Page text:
Every time I’m called upon to make the hour-long trek out to the airport, I become more and more disgusted with Charles de Gaulle International. I honestly think it’s the worst airport I’ve ever been in – it’s dirty, crowded and horribly disorganized. Why couldn’t Paris have something more like the shiny and clean Schipol airport in Amsterdam, where I once spent five hours on a layover from Seattle relaxing in a near-empty lounge, perusing the Dutch art museum (yes, in the airport) and checking my email at the wifi bar?
I was forced to pay a visit to my least favorite spot in Paris yesterday morning, when I brought my brother Ben, his best gal friend Ali and two extra suitcases full of my clothes (yikes, I’m starting to move out) out to Roissy. At a quarter to nine we were wheeling our four bags out to Place de l’Opéra to catch the RoissyBus – a fantastic transportation option that takes you directly from Opéra to your terminal at CDG for the same price as the smelly RER train. Unfortunately, this is where our misadventures began.
We arrived at the bus stop and joined the rain-soaked queue to pay for our tickets and get on our way. After 10 or so minutes, I climbed aboard with my two bags, paid my eight euro fifty and the driver promptly slammed the door. Uhhh monsieur? I asked him, what about the rest of the people in line? This one was already 20 minutes late, apparently, so they’d just have to wait for the next one. I tried to reason with him, telling him that my little brother and sister were in line and we couldn’t be separated, but he held firm. Vingt minutes de retard, mademoiselle, was his answer to everything. After a bit more pleading in my accented French he sighed and opened the door so B could board – but then shut it again before A could get near the bus. Ma soeur, s’il vous plaît. Elle ne parle pas français… (But my sister please. She doesn’t speak French). He sighed again, as if I was inconveniencing him more than I could ever imagine, and let A board the bus.
Once we’d finally made it to the British Airways check-in counter at Charles de Gaulle, we were informed by multi-lingual signs that anyone flying through or to London Heathrow had to check-in using the automated machines. In fact, there weren’t even any agents staffing the counters – everything was supposed to happen by computer. Unfortunately for both British Airways and all its passengers, the computers weren’t working. When A attempted to check-in, the computer informed her that there was no ticket available for her. When B logged in and tried to check them both in, the computer claimed that the two of them were already checked-in, and simply needed to take their printed boarding passes through passport control and board their plane.
The only problem with this was that there were no paper tickets to be found – anywhere. What there were were crowds of confused British travelers, all totally baffled by the automatic check-in machines and all waiting for help from the, wait for it, two British Airways agents who were milling around. We finally got half of B and A’s tickets, and were told they would receive the other half on the other side of passport control when they checked their baggage. Since I’d forgotten my passport and had no boarding pass anyway, this is where I left them – and where their real adventures began.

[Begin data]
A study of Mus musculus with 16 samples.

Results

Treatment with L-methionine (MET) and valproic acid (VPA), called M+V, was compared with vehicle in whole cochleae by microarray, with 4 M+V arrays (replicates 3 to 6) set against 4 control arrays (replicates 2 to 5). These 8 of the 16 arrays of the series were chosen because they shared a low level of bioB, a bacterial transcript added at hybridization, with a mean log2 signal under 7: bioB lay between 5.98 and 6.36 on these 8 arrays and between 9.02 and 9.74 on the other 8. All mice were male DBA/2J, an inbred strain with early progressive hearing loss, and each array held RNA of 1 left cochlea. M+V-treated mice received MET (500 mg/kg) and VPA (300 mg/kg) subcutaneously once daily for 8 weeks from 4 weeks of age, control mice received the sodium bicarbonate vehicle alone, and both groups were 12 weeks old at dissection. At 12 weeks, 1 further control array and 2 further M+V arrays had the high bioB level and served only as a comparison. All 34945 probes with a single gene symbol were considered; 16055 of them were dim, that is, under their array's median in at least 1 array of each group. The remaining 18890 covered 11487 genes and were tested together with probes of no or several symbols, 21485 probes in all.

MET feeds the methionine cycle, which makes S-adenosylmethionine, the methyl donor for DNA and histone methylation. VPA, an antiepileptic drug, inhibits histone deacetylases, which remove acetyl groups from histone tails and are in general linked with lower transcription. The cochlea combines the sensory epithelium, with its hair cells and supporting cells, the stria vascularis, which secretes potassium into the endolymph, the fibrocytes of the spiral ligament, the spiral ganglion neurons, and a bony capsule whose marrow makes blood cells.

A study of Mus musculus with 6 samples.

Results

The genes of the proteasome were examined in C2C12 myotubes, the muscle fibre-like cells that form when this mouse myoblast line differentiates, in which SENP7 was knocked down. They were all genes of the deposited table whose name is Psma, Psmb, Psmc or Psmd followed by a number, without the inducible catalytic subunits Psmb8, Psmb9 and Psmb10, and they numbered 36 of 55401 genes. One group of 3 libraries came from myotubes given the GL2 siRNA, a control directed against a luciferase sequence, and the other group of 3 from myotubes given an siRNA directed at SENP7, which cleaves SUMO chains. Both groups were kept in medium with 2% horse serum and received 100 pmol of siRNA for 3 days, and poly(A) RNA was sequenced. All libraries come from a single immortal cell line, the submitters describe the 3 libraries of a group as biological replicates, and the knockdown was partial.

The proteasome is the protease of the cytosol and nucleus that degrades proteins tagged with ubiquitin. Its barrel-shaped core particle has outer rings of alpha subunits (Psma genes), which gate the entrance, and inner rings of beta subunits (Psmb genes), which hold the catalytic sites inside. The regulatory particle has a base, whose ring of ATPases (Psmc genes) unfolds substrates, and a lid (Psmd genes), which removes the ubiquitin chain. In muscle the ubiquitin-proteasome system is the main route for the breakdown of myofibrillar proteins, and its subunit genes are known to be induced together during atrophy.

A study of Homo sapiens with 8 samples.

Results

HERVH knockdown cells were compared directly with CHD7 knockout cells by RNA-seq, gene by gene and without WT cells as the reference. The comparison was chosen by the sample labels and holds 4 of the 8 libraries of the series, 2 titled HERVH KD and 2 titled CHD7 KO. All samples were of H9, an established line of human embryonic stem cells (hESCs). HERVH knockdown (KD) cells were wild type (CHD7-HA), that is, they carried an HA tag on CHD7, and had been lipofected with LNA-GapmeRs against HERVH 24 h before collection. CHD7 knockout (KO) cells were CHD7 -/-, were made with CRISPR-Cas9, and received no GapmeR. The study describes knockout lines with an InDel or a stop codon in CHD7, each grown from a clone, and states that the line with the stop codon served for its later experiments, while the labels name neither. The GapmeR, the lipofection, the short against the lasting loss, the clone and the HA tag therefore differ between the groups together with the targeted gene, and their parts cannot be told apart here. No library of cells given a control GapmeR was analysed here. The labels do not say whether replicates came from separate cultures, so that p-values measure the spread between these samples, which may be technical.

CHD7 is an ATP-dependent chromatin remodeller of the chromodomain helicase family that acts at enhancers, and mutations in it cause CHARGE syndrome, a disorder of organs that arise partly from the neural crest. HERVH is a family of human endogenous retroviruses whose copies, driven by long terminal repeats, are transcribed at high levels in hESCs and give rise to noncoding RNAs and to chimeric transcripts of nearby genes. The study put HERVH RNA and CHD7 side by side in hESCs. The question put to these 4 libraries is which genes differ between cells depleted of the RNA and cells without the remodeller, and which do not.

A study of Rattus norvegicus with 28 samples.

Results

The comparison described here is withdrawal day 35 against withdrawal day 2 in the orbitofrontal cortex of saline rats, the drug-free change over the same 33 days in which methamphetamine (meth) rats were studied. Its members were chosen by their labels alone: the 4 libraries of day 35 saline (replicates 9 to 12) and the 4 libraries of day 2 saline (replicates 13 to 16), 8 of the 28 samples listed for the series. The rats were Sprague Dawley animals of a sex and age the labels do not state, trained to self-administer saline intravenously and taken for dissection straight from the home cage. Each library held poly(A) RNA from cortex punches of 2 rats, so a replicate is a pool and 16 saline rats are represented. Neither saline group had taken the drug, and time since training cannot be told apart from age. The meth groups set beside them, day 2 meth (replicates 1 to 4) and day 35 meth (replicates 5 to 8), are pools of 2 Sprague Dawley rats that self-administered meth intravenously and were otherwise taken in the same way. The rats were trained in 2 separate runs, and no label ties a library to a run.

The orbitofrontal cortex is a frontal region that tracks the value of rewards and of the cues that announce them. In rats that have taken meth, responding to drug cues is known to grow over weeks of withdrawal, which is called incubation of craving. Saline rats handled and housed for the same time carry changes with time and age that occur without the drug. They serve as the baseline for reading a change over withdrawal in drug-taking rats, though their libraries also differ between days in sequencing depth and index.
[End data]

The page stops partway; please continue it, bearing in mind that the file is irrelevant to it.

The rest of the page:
While I was sneaking onto the RER train to ride back into Paris center, cleaning my apartment, going out to lunch on Boulevard Saint Germain and nannying, B and A were landing at London Heathrow and finding out that all flights had been cancelled. With the entire United Kingdom on a level “Critical” terror alert (which has since been lowered to “severe”), 108 flights out of Heathrow cancelled, and every hotel in any kind of proximity to the airport booked solid, B and A were completely stranded.
Being only 18 years old and having just spent two weeks away from their families, B and A’s travel delays became the source of much stress on both sides of the Atlantic. With both sets of frantic parents trying to take care of their freshly-graduated teenagers from 4780 miles away, there was bound to be some miscommunication. Should B and A take a cab into London to the only open hotel room that could be found on Expedia, or should they camp out in the airport with the other hundreds of people all trying to get new flights out of Heathrow? Should somebody drive to SeaTac airport and try to find help at the British Airways counter there? What could they eat? Should they be pushy and play up their young ages, or wait in line to be helped?
Finally B and A found a cab to take them to a hotel in London, found by A’s dad, while my mom drove up to SeaTac airport to see what she could do. The British Airways agents actually found them a flight, London-to-Vancouver-to-SeaTac, but in order to be able to board it, B and A had to battle the chaos in London to obtain an FIM (flight interruption manifesto) from the BA ticket agents that would enable them to get their tickets. They made it back to Heathrow early this morning to begin the battle, but weren’t able to find anyone to help them until less than an hour before their flight was scheduled to take off. The FIM situation was aided by the fact that their London-to-Vancouver flight was delayed. Their expected hour-long layover in Vancouver, however, has possibly been obliterated.
Now four harried parents in Tacoma are most likely going to be spending their Fourth of July on a road trip to Canada instead of eating hot dogs and watching fireworks. At least the border crossing should be a piece of cake – I doubt many Americans will be trying to leave the country on Independence Day. Happy Fourth of July everybody – and may all of your airport experiences be smoother than this one.